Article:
Formless Form IV
by Mark Pflughoeft
I back-paint Plexiglas using acrylic paints. Sometimes I insert a second layer of painted Plexiglas or painted clear plastic acetate to create more of a layered effect. Lastly I create a 2-D collage layer using painted paper or canvas as a background. The paintings are 2, 3 or 4 layers deep. I apply the paint in a transparent manner, blending thin coats of paint, wet on wet usually. I then etch the wet paint with various scraping tools to create a linear quality.
The Composition Process
The two parts of composition that I focus on most are balance and contrast. Balancing the visual weight in a work is vital to any work of art. One element, be it a swath of color, a line, a texture or form needs to be somehow counter-balanced by another, or the finished piece will visually loose its equilibrium.
My paintings are usually also about conflict or contrast. My colors reach across the color wheel rather than simply moving to ones adjacent to each other. The tension of opposites usually seems necessary in my artwork. Symmetry seldom works. Large versus small, hard-edged versus blended, dark versus light and smooth versus textured are contrasts that appear in the majority of my work. These contrasting components create the vital element of variety.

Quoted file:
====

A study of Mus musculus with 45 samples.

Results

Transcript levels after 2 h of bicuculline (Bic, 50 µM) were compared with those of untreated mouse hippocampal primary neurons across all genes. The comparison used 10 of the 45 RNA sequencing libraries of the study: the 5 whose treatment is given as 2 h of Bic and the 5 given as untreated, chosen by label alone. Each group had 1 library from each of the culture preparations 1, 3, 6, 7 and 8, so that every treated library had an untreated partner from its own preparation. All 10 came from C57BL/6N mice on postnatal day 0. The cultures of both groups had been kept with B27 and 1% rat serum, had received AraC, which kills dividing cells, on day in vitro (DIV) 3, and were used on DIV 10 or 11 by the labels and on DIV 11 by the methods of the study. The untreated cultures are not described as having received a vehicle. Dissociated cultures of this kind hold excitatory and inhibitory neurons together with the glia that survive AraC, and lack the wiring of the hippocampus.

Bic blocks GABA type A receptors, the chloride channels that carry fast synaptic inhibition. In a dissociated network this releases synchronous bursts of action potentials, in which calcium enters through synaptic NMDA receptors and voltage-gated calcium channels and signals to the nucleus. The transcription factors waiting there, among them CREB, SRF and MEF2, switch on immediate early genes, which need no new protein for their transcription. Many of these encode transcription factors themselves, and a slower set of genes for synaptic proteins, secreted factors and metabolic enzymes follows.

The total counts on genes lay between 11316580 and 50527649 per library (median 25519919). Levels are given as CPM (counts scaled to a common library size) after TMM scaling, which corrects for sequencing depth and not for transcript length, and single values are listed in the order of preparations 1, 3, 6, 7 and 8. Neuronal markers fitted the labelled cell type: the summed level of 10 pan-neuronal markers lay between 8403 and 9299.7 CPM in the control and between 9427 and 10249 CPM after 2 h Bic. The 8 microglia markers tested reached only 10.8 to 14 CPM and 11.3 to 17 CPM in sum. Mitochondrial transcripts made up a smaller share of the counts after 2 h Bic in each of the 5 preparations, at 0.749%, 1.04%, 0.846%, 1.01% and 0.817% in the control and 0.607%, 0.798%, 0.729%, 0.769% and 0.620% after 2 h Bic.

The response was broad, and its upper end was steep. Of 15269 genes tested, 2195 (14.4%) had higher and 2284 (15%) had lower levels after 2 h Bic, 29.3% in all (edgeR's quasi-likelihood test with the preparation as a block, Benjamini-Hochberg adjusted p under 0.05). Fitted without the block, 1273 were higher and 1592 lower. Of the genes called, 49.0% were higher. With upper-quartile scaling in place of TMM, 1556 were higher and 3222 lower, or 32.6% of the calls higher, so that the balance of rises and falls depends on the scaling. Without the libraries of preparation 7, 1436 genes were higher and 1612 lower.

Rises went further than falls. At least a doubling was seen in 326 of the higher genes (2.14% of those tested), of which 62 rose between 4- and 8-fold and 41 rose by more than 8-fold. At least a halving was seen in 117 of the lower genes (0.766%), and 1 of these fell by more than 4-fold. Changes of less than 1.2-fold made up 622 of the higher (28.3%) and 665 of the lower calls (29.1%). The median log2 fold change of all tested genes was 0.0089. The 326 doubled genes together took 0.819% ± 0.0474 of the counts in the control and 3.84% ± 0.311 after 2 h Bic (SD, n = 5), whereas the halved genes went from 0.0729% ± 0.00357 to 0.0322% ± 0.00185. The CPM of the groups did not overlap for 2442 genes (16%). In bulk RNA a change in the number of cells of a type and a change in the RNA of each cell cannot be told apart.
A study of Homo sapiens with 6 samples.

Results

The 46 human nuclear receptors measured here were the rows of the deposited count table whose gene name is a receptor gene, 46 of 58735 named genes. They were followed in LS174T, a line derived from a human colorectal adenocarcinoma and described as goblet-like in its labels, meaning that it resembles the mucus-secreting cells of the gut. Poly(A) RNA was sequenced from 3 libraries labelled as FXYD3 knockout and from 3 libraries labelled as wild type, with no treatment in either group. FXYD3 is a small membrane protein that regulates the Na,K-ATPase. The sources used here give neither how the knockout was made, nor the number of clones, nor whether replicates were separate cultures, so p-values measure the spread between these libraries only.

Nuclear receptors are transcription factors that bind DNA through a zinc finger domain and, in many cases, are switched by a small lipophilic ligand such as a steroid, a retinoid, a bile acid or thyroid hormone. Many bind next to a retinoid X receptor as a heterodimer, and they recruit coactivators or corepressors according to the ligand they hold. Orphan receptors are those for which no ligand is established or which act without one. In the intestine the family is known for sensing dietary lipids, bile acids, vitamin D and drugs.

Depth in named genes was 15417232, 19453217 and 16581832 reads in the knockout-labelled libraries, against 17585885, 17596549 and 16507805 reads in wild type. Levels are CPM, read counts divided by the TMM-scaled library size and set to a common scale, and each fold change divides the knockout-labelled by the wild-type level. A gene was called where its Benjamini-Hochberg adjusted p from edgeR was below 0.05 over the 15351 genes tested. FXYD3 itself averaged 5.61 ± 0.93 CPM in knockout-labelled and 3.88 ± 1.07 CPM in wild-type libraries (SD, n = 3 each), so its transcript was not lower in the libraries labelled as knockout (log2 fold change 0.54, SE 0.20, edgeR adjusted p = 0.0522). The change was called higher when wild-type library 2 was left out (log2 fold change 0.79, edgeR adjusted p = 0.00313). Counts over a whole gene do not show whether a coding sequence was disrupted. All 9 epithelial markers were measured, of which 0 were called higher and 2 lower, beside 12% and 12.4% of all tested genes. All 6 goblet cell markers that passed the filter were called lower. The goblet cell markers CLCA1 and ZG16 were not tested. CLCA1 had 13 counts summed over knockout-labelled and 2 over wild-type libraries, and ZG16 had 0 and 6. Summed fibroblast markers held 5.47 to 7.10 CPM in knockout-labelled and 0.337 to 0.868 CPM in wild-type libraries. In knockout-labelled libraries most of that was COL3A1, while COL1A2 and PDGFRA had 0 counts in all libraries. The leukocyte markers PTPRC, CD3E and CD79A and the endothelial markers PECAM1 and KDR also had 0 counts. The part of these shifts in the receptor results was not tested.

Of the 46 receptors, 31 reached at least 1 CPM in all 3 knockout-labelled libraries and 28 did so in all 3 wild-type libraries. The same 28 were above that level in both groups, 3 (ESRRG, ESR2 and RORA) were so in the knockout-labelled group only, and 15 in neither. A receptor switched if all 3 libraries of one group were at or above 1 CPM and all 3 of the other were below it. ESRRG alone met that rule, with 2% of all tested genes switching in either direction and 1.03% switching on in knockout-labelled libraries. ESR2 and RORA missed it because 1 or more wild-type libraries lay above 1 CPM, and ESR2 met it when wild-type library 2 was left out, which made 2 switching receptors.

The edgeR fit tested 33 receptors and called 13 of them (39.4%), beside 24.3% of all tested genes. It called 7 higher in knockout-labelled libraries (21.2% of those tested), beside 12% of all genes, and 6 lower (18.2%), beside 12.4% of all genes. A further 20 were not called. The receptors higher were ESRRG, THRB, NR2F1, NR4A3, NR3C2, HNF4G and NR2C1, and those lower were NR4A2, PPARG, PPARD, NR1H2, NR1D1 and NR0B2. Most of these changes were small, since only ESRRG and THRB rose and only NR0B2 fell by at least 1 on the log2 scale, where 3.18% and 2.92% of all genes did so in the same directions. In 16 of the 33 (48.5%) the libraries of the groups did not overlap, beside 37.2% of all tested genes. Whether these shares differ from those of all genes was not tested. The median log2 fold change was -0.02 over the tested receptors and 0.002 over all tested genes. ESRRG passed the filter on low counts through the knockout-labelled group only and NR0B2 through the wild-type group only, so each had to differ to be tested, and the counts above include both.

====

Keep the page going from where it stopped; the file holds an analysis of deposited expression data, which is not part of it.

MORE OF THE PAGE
The Emotional Process
I both write and paint out of restlessness. Often when I create I literally feel a stirring within me, like something has been baking inside me, and now it is done and ready to come forth. I get sort of anxious and awnry, and then I know that it is time to express.
My paintings usually do not have literal meanings except at times when a meaning sneaks up on me in order to explain to me why I just did what I did. Does that mean that I paint unconsciously? Well, most of the time. Recently my work has to do with the perfect order that is behind chaos in the world, the beauty that creates ugliness and the joy of spontaneity that underlies habitual thought. Usually I set up specific visual conflicts for myself to resolve, hopefully in new and surprising ways. The conflicts feel like emotional or energetic confrontations. My job, it appears is to defuse the tension that is created to a degree, and make the scene palatable to view. This approach usually leaves my work with a somewhat striking or energetic quality. The viewer is left with a balanced look at a variety of contrasting elements. Painting must be my way of sorting out conflicts in my world, and it also allows me a means to leave bread crumbs along my trail.